Caught On Camera: Ch. 2 Investigates Unneeded Car Repairs


"I didn't have the money to just waste like that. It cost me so much money," said Terese Lackley, a local day care operator. She told Channel 2 consumer investigator Jim Strickland that it took three months and $2,400 to get her '99 van fixed at Mr. Transmission in Chamblee.

She suspects that at least some of that work was not needed. "He would say, 'Oh it will be fixed tomorrow," and then when I would call tomorrow there was something else wrong with the car," said Lackley.

Strickland showed Lackley our undercover video and asked her if the man who we encountered was the same man that she had dealt with. Lackley told Strickland, "That is him!"

Lackley dealt with assistant manager Josh Bledsoe. Bledsoe also served a Channel 2 producer driving a 2009 Toyota. The car had already been certified by mechanic Clay Brooks. He works across town at Cooperlake Automotive in Cobb County.

"It is perfectly fine; it's almost like a new car," said Brooks.

Dealership mechanic Frank Mestanas, with more than 40 years of Toyota experience, checked everything. "All systems OK," said Mestanas.

Mestanas drove the car himself. "All four shifts were within the parameters."

Our producer asked Mr. Transmission to check out a strange noise. Bledsoe told her, "On the computer the line pressure is off on it, so it is messing up your shift points, making it an erratic shift. That is why it shifts hard every now and then."

Beldsoe told our producer what his solution would be. "But what we need to do is pull the transmission out, just do a simple inspection and find out what is causing the line pressure to be off," he said.

Bill Rimmer, owner of Cooperlake Automotive said of the Mr. Transmission diagnosis and treatment, "Taking the transmission out, yeah, I would say that is pretty extreme."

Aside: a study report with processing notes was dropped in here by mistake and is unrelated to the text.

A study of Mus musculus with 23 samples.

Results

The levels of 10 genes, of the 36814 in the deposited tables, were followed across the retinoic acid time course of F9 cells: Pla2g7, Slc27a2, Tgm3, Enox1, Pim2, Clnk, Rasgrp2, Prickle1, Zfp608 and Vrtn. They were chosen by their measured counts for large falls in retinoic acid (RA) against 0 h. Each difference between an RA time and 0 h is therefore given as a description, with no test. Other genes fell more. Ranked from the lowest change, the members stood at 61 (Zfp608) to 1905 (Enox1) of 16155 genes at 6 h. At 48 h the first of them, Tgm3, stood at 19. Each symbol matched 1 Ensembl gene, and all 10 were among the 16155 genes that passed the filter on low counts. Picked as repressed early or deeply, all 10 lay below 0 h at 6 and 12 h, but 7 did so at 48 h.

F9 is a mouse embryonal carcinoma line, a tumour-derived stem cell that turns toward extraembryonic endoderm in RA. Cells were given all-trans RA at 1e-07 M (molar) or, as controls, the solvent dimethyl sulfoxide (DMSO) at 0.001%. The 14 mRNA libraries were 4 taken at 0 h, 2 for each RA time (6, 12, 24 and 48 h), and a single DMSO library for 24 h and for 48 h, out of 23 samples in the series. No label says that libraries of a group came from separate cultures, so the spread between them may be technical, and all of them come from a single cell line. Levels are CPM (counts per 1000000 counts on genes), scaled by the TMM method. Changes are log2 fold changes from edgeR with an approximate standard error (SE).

Bledsoe warned of further damage if we did not leave the car with him. Our Channel 2 producer asked, "Is it OK if I come back?" Bledsoe responded, "Yeah, it's OK, but I mean, I just wouldn't advise driving it. You're not gonna die, but you could break down."

Strickland went to shop owner Alan Polson who agreed to watch our video. "You think your guys made some mistakes?" asked Strickland. "Absolutely," Polson responded.

Polson said his shop would have done more thorough testing before pulling the transmission but that Bledsoe did not communicate that well.

"I don't want to sell customers things they do not need on their vehicles. I want to sell them what they need," said Polson.

Our Channel 2 producer asked Bledsoe how much the work would cost, he told her, "Um, labor you'll be looking at $698."

The paperwork said $798 when we returned to the store. Strickland asked Polson, "Why the extra hundred bucks?" Polson responded, "That I don't know. If he quoted her $698 it should have been $698."

Polson told Strickland his assistant manager will go through retraining. Polson also was not happy how Bledsoe handled our visit.

Strickland confronted Bledsoe and asked him, "You can't tell me anything about the diagnostic on this car?" Instead, Bledsoe closed the door on Strickland.

Our Channel 2 producer took the Toyota to Polson's second location in Duluth. Even they said the car was fine and gave us back the keys, no charge. As for Lackley's van, Polson defends his work.

He said the price and the time needed were fair given the condition of the van and its multiple problems. Polson said the Chamblee shop has a new manager, and Bledsoe goes to management school in April.